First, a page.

India's science output growing fast, confirms report
[CHENNAI/NEW DELHI] India still contributes less than three per cent of global research output, lagging behind many less populous but more developed countries. But its research output is growing rapidly, according to a study commissioned by Research Councils UK.
In particular, India's citation impact — a measure of how often papers are referred to by other scientists — doubled during the 27-year period covered by the study, similar to the situation in other emerging economies such as Brazil and China.
The study, which was released last month (27 July), compared the number of publications, international collaborations and citations of Indian research papers between 1981 and 2008, with that of Australia, Brazil, China, France, Germany, Japan, South Korea, United Kingdom and United States.
"Both India's share of global research papers and its citation impact are low compared to other nations across all subject areas," the study said.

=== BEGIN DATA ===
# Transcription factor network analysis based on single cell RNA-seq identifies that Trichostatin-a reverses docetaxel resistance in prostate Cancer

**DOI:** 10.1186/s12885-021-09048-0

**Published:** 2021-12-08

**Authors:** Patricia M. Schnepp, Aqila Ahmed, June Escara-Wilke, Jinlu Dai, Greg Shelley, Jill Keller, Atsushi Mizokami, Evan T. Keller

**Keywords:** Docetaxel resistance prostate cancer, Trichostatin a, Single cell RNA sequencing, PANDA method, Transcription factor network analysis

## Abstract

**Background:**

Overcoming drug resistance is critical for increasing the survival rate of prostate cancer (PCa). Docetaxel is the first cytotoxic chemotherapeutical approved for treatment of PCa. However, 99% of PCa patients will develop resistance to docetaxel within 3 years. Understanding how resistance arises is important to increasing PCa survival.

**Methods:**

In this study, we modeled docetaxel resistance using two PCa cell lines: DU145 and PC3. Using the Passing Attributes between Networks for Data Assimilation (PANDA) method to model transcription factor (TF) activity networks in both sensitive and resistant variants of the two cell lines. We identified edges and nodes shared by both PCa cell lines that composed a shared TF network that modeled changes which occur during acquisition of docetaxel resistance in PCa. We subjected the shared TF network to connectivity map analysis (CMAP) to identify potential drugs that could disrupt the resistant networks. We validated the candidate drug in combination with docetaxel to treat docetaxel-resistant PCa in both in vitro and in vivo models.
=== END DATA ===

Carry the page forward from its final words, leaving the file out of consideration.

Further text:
Indian scientists published 38,750 papers compared, for example, to 91,273 by UK researchers.
But the survey also found that, despite India's recent low share of global research output, high growth in recent years suggests that output will become increasingly important to the global research base and research collaborations with India will increase.
The study confirms that joint international collaborative papers tend to have a higher-than-average citation impact. India–UK collaborative papers in the physical sciences, for example, are cited four times the world average, while medical, health and biological sciences also account for a substantial number of well-cited papers.
But papers in fields considered India's traditional strengths, such as tropical medicine, textiles and agricultural engineering are not cited often. Also, compared to the UK, where one in five published papers is never cited, in India one in three papers never gets cited.
Subbiah Arunachalam, a former editor of the Council of Scientific and Industrial Research journals, told SciDev.Net such evaluations concentrate only on publishable research.
The danger is that such analysis "turns a blind eye" to development-oriented science. "Science is a wide spectrum; peer reviewed publications is but one [part] in the spectrum," he said. "Research relevant to India will be shown poorly by this yardstick," he added.
The report analyses data up to 2008, and India's science funding has risen dramatically since then. In 2009 government spending on research and development rose by 17 per cent over 2008. "It follows that India's citation output has the potential to increase dramatically over the next decade," the report concludes.